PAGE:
10 Tips For Writing Good Sales Copy
by Tim North

Writing an ad? The tips below -- and the important warning that
follows -- will help you to get the very best response.

1.  Start by choosing a single benefit of your product or service
    that you wish to highlight above everything else. This is
    your "principal selling position". To choose this, ask
    yourself what specific benefit makes your product or service
    different, better, or special. Is it the price?, the
    convenience? the reliability? How are you different from
    your competitors?

2.  Write attention-grabbing headlines. This is very important.
    People are overloaded with information, so they skim read --
    particularly on the Internet. If your headline doesn't get
    their attention everything else may go unread. Your headline
    will often highlight your principal selling position.

3.  Write a list of all the features of your product or service
    then translate each of these into a benefit for the customer.
    One way to do this is to look at each feature in turn then
    ask yourself "So what?" Imagine you're a customer; why should
    you care about this feature? Ask yourself, "What will it do
    for me?"

    For example, don't just say that your product is fast (a
    feature) tell the customer that it will give them more free
    time (a benefit). Better still, paint a picture of them
    using their free time to go to the beach, read a book, or

4. Write copy that emphasises the benefits in a way that makes
    an emotional connection. For example, let's say you're
    selling toothpaste. A feature might be that it contains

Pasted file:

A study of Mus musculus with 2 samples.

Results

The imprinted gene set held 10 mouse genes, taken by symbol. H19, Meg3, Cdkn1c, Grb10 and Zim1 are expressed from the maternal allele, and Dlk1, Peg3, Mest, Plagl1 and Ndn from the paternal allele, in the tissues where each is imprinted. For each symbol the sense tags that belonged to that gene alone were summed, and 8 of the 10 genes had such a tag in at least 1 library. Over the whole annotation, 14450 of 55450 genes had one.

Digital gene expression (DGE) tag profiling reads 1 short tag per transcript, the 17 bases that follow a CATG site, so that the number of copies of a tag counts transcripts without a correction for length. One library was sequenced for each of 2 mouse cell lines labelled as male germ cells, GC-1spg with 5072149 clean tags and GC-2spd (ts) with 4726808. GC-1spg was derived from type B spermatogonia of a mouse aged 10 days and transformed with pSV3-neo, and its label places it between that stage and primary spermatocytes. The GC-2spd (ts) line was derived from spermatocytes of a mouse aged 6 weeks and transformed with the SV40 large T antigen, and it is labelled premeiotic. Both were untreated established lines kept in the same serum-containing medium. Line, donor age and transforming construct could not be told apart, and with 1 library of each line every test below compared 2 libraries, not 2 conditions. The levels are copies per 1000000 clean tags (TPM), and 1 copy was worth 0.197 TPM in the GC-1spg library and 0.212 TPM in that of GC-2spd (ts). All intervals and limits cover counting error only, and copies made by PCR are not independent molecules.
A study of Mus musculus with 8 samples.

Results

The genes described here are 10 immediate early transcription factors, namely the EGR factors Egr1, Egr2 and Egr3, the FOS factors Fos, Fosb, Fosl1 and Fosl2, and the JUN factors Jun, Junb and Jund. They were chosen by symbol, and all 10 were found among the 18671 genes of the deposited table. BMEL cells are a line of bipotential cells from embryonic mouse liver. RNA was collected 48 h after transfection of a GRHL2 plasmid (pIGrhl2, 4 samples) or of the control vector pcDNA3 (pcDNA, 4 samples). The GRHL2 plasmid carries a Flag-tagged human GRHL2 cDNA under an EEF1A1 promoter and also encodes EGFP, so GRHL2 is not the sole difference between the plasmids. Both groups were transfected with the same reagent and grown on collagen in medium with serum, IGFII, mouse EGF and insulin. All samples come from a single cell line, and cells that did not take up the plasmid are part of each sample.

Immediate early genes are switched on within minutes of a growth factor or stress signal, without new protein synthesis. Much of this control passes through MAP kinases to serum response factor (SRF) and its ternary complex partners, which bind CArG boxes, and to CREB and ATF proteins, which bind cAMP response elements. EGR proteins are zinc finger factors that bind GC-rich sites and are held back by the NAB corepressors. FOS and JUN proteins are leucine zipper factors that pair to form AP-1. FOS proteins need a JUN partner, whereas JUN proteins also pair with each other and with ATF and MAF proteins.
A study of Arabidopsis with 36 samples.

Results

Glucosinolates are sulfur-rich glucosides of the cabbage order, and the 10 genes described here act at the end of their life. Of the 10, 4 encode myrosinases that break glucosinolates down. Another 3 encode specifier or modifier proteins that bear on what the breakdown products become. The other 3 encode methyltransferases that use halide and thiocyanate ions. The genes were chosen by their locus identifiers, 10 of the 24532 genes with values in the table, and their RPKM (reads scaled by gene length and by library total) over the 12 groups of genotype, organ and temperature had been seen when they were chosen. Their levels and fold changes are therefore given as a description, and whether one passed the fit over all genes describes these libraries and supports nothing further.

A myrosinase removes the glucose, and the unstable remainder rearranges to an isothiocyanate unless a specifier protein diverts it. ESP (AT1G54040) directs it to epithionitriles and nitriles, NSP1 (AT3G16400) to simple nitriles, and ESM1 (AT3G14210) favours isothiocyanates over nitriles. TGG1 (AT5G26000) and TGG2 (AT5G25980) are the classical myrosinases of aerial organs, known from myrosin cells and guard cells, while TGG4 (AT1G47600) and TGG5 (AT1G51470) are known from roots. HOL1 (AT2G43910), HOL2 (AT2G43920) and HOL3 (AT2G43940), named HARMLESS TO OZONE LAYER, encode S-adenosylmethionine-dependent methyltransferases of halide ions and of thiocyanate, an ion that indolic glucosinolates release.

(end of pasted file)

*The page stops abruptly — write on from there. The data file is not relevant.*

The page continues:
fluoride. Sure, but that's boring. Rather, say it "Lessens
    Tooth Decay!" or even better: "Brush with Boffo and Avoid
    the Dentist's Drill!" See? You've turned a dull feature
    into a strong emotional benefit linked to people's fear of
    dental procedures. Isn't that more effective than "Contains

5.  Start with your strongest selling points. The first few
    paragraphs are particularly important. Use them to create a
    desire for your product or service by briefly touching on
    the major benefits it will bring the customer. You don't
    have to go into too much detail up front as you can expand
    on these benefits later. Do try to get your big guns in
    early, though.

6.  Testimonials sell. Good, believable testimonials from real
    people will help sales, particularly on the web where
    establishing credibility is a tough job. For even better
    credibility, ask your testimonial writers if you can
    include their contact details along with their testimonial.

7.  Write with a natural style. Don't try to be pretentious or
    over friendly. Just write it the way you'd say it.

8.  Decide who you're writing for and why. What tone are you
    trying to convey: light hearted or serious? What level of
    jargon are you going to employ? Suit your language to your
    intended audience.

9.  The final sales pitch can be strengthened with some or all of
    the following techniques:

    * A good deal; e.g. "20% off".

    * Urgency; e.g. "This week only".

    * Risk free; e.g. "Comes with a money-back guarantee!"

10. End by telling the reader what to do; e.g. "Ring now" or
    "Click here to order now for immediate delivery". Needless
    to say, ordering details must be clearly visible and simple
    to follow.

Looking at these tips, it may seem that good advertising
involves manipulating the emotions of your customers. Yes, it
does. Selling is a blatant form of emotional manipulation that
involves convincing your customer that they want to buy your
product or service, and they want to do it now.

Is this unethical? Well, it can be. It depends where you draw the
line. In point 9 I said that your sales message could include a
sense of urgency. A common ploy on the web is to include a claim
like "Offer closes this Saturday". If you go back to the site the
following week, though, the offer is still available. If you were
tricked by such a claim, would you order from that company again?

So, by all means, use the tips above to write as persuasively as
you can, but remember that if you attract sales by deceiving your
customers you risk legal action, poor word of mouth, no repeat
business and refund requests.

So, be as persuasive as you can possibly be, but avoid the
temptation to be "too" persuasive.

You'll find many more helpful tips like this in Tim North's much
applauded range of e-books. All come with a money-back guarantee.